Training workshop for Eastern, Central and Southern Africa Wildlife Crime busters

Tuesday, October 12, 2010
Nairobi, Kenya
More than 30 wildlife law enforcement officials, police officers, veterinarians and wildlife conservationists from 13 African countries are attending a training workshop in Kenya to improve their capacity and ability to more effectively combat wildlife crimes. The participants are drawn from Uganda, Tanzania, Burundi, Rwanda, DR Congo, Ethiopia, Congo Brazzaville, South Africa, Botswana, Zambia, Swaziland, Malawi and Kenya.

Jointly organised by the International Fund for Animal Welfare (IFAW – www.ifaw.org) and the Lusaka Agreement Task Force (LATF), the training will specifically tackle issues on wildlife trade status by species, wildlife crime and enforcement, international trade conventions and organisations, inter-agencies cooperation and national legislations and enforcement.

The practical and interactive sessions will aim to equip the officials in the prevention of illicit wildlife trade and to learn practical, hands-on skills used in the identification and proper handling of species commonly traded illegally in Africa and smuggled into other regions.

The illicit and unsustainable trade in wildlife is a major threat to Africa’s rich and irreplaceable biodiversity. Many species are illegally harvested or poached to supply the global demand for luxury goods, trinkets, exotic pets and meat.

Speaking while opening the four day workshop, Dr Noah Wekesa, Kenya’s Minister for Forestry and Wildlife, lauded the organisers of the workshop for their efforts in combating illegal wildlife trade.  He further commented that wildlife crime levels were rising in Africa, and there is need for inter-agencies cooperation in sharing information needed to fight the sophisticated wildlife criminal gangs particularly on elephant ivory and rhino horn.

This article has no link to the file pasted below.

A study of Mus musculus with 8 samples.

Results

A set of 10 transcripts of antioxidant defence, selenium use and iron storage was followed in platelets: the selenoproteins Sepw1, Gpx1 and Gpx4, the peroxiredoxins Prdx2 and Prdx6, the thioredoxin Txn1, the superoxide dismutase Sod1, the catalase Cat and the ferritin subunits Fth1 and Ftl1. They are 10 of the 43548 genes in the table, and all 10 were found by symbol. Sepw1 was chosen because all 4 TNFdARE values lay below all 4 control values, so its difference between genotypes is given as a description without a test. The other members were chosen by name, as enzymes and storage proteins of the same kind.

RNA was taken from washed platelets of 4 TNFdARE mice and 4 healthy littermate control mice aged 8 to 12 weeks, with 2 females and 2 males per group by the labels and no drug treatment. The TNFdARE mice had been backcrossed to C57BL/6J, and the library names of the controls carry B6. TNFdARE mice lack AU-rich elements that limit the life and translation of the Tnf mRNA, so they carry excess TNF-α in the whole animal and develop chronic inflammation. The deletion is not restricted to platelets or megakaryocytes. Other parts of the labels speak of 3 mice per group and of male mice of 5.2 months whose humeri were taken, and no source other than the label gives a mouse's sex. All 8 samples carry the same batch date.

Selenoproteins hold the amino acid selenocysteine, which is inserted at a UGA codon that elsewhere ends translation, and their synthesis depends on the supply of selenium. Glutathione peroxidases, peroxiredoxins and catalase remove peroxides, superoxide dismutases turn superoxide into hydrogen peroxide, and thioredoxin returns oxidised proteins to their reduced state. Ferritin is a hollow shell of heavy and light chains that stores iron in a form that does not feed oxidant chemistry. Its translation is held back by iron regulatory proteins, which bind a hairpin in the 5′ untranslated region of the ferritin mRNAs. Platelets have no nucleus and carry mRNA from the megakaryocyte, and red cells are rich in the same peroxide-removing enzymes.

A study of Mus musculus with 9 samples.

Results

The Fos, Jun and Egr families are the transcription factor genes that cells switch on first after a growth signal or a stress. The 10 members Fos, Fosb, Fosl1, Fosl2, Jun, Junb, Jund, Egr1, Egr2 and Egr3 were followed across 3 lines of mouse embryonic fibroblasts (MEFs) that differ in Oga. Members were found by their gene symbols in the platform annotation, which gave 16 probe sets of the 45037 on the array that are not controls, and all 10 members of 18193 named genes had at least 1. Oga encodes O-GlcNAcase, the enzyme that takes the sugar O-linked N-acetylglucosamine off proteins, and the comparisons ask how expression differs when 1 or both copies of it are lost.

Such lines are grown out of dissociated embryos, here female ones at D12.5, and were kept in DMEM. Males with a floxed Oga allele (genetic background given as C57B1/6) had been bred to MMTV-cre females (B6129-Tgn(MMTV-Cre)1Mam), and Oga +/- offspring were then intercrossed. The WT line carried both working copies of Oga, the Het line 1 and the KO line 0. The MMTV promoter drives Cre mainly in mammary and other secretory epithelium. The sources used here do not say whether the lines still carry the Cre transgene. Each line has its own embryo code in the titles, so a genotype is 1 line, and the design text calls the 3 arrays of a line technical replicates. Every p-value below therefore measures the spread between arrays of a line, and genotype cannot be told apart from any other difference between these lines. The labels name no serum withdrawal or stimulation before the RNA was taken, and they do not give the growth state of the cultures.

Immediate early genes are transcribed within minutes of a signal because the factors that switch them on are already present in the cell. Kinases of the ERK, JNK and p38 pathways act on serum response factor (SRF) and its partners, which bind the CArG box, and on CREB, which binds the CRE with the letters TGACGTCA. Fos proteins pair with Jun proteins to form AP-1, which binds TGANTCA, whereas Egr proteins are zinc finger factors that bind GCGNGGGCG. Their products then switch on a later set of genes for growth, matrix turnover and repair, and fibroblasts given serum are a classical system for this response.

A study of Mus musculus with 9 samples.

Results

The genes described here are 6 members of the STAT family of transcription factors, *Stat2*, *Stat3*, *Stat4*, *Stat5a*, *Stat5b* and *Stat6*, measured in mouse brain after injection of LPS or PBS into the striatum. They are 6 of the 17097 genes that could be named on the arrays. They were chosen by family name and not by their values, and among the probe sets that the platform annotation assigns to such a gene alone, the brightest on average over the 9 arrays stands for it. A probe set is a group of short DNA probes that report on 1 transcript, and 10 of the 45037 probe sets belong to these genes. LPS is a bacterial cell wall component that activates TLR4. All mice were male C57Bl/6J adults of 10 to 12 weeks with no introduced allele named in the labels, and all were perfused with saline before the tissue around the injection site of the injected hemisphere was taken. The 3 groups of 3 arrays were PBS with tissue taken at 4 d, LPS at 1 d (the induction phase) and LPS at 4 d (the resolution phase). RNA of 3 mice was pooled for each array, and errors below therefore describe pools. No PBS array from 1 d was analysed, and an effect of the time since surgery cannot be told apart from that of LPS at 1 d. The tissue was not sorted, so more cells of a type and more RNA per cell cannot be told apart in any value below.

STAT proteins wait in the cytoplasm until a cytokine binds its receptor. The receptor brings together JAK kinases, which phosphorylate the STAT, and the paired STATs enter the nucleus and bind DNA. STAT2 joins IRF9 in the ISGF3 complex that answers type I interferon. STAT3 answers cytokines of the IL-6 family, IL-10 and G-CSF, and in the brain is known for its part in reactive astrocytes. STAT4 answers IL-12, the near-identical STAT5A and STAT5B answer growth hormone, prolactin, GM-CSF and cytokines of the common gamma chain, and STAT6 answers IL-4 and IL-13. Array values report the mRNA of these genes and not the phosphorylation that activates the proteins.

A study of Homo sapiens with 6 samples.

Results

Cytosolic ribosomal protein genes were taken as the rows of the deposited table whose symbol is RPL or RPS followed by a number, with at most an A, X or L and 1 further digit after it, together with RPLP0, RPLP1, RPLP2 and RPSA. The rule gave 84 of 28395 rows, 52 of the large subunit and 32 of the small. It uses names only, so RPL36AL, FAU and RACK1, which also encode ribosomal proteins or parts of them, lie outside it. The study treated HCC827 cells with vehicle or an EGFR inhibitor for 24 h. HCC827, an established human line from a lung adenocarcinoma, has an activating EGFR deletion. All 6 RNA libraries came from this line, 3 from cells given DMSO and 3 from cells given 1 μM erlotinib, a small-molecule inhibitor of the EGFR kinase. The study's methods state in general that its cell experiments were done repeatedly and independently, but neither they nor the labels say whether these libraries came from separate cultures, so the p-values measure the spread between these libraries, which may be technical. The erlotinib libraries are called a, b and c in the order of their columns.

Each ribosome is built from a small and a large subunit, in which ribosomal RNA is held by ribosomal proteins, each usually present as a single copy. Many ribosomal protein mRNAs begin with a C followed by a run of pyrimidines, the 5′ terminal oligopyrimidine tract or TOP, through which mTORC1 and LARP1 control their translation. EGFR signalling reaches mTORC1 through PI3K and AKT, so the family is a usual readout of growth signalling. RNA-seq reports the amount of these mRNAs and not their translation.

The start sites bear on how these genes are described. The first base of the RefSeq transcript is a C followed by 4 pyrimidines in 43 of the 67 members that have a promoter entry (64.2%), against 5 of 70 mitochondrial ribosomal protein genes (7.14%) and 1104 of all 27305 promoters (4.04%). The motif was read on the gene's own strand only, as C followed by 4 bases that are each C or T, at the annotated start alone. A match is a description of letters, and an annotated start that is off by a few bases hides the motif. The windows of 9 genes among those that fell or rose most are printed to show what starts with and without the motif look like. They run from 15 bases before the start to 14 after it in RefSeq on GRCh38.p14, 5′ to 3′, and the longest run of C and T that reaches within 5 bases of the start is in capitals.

In his remarks at the opening of the workshop, the LATF Director, Bonaventure Ebayi, welcomed the officials and said that the Force’s goal was to train officers to effectively combat wildlife crimes. “The sophistication and scope of organised syndicates far outweigh our capacities and point to the fact that illegal wildlife trade is seriously undermining our law enforcement efforts,” said Ebayi.

Azzedine Downes, IFAW’s Executive Vice President, pointed out that, “The LATF is investigating the illegal trafficking of almost 28 tonnes of African ivory and 10 rhino horns amongst other species from four countries either of origin or as ports of exit from Africa mainly to Asia. These were seized between January 2009 and September 2010. Such seizures should sound alarm bells for all concerned state agencies and organisations as it may just be a tip of the iceberg since some illegal consignments move across borders undetected.

“With the emerging trends in wildlife crime where gangs are bound to utilise technology such as mobile phones and the internet with utmost effectiveness and efficiency, the illegal trade in wildlife poses a serious threat to the survival of many endangered species in Africa and globally. The financial cost of the illicit wildlife trade runs into billions of dollars and its environmental costs are immeasurable,” added Downes.

IFAW has in the past organised similar training workshops in the Northern Africa and Middle Eastern countries, Oceania and the Caribbean.